Is Wii Worthy of American Heart Association Accolade?

As for concerns that the agreement with Nintendo could damage the integrity of the AHA, Yancy said his "greater concern is if we don't engage the millions of people who are physically inactive right now.

"The logo's not for sale. What we're doing is promoting a message that's incredibly important."

Family Physicians Have Mixed Feelings on AHA Endorsement of Wii

Family physicians were split over the AHA's apparent support of the Wii gaming system as a fitness tool. Dr. Andrew Carroll, a Chandler, Ariz.-based family care physician, said that the activity encouraged by the system at least entails more physical engagement than traditional television watching.

"I'm fully for encouraging children and adults to use interactive gaming and activity as a form of encouraging active behavior," Carroll said. "For years, we would sit in front of the 'idiot box' and be fed entertainment or information without interaction. Now exergaming, as well as the ability to chat during such gaming, encourages activity during entertainment as well as socialization to some degree... It's hard to wolf down Cheetos when you have a Wii controller in your hand."

And in its corner, the Wii has a growing body of research that suggests at least some benefits for certain users.

"I think it is appropriate for a specialty organization to recommend a genre of commercially available products which, it believes, have been shown in independent research to be useful," said Dr. Dilip Jeste, director of the Sam and Rose Stein Institute for Research on Aging. "Some studies have reported beneficial effects of exergames in reducing body weight in overweight children, adolescents, and young adults."

Still, some doctors -- Jeste included -- expressed reservations over the idea of the AHA recommending a particular product.

"If a specialty organization believes that there is sufficient evidence of this type, it can recommend exergames as a class of products for specified purposes and in selected populations," Jeste said. "However, it should not recommend a specific product... unless there are independently conducted randomized controlled trials establishing its superiority over other types of exergames."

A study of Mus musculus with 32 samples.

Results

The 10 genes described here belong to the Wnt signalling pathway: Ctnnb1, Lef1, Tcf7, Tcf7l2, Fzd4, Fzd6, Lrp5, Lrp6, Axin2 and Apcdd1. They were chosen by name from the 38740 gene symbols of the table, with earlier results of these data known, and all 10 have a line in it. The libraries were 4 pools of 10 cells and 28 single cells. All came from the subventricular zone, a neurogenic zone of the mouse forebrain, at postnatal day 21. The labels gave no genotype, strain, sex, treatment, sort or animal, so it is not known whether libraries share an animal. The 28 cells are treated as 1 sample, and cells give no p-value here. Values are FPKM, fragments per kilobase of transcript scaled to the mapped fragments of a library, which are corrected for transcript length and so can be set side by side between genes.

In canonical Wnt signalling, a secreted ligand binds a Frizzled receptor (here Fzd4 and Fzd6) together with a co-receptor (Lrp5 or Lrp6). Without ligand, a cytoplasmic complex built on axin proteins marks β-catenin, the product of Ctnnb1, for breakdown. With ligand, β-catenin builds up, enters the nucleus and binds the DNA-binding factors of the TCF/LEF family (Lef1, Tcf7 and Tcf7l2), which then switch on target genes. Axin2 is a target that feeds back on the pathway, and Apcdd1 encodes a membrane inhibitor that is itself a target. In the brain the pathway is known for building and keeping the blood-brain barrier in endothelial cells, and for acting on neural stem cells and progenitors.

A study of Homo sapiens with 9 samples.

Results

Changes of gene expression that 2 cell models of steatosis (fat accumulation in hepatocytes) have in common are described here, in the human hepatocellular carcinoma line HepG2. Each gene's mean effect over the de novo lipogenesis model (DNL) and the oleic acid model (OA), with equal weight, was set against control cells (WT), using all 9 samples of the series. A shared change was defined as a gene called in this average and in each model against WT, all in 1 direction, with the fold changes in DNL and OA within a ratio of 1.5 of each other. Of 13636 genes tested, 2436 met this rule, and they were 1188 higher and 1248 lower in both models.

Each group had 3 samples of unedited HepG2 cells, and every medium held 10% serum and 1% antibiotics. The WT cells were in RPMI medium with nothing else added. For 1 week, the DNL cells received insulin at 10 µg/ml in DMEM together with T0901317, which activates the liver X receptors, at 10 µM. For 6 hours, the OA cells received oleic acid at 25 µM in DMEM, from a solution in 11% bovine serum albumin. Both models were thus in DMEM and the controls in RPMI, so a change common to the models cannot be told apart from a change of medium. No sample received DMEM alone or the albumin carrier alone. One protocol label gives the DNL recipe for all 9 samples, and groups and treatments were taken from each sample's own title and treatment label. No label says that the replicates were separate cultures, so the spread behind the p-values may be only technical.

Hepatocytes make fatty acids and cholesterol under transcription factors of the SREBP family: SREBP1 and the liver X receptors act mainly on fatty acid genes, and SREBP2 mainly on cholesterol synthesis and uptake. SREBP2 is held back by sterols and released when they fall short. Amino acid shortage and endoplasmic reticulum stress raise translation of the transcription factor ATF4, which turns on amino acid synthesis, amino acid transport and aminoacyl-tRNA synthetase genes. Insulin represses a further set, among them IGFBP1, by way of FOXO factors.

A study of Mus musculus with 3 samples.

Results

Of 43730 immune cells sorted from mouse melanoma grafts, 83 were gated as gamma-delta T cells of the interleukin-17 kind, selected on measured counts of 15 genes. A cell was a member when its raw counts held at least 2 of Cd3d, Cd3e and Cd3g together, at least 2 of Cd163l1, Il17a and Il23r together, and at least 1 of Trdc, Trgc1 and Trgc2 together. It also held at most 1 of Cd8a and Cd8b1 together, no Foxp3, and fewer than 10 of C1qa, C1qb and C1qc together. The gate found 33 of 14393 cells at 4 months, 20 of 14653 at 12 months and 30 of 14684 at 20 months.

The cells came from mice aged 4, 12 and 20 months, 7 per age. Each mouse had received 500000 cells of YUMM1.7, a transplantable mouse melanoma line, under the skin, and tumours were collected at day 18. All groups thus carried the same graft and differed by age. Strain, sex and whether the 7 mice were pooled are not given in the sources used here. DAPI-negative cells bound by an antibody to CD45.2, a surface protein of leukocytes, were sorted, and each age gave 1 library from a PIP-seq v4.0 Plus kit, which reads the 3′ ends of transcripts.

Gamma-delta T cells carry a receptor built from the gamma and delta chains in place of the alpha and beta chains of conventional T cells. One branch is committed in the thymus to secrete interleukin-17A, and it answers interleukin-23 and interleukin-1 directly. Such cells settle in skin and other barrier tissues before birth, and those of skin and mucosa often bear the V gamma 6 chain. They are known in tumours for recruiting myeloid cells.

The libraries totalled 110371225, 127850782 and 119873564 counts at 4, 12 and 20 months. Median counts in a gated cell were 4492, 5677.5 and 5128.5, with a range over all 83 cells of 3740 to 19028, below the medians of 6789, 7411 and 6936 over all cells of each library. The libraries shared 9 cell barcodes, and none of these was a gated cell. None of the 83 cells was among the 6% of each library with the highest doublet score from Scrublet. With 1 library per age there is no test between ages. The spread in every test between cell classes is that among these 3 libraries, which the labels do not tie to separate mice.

"I have misgivings for any medical organization giving its stamp of approval to a particular product," said Dr. John Messmer, associate professor of Family and Community Medicine at the Penn State College of Medicine in Palmyra. "I do not see such approval spurring people to exercise. Rather, it will benefit Nintendo's profits more than it will increase activity among Americans, in my opinion."

"Although I think that anything that gets people moving and staying active is good, and these games have accomplished that for some individuals, I think medical organizations need to stay clear of specifically endorsing a product," said Dr. Randy Wexler, assistant professor of Clinical Family Medicine at Ohio State University in Columbus.

And Dr. Neil Brooks, a Vernon, Conn.-based family physician, said he feels certain trade-offs between exergaming and traditional sports participation cannot be ignored.

"It may be argued that [exergaming] results in more calories burned, improved balance, hand eye coordination and other skills," Brooks said. "But how does that compare to the effects of de-socialization, lack of one on one and team competition, the recognition of weaknesses and utilization of strengths?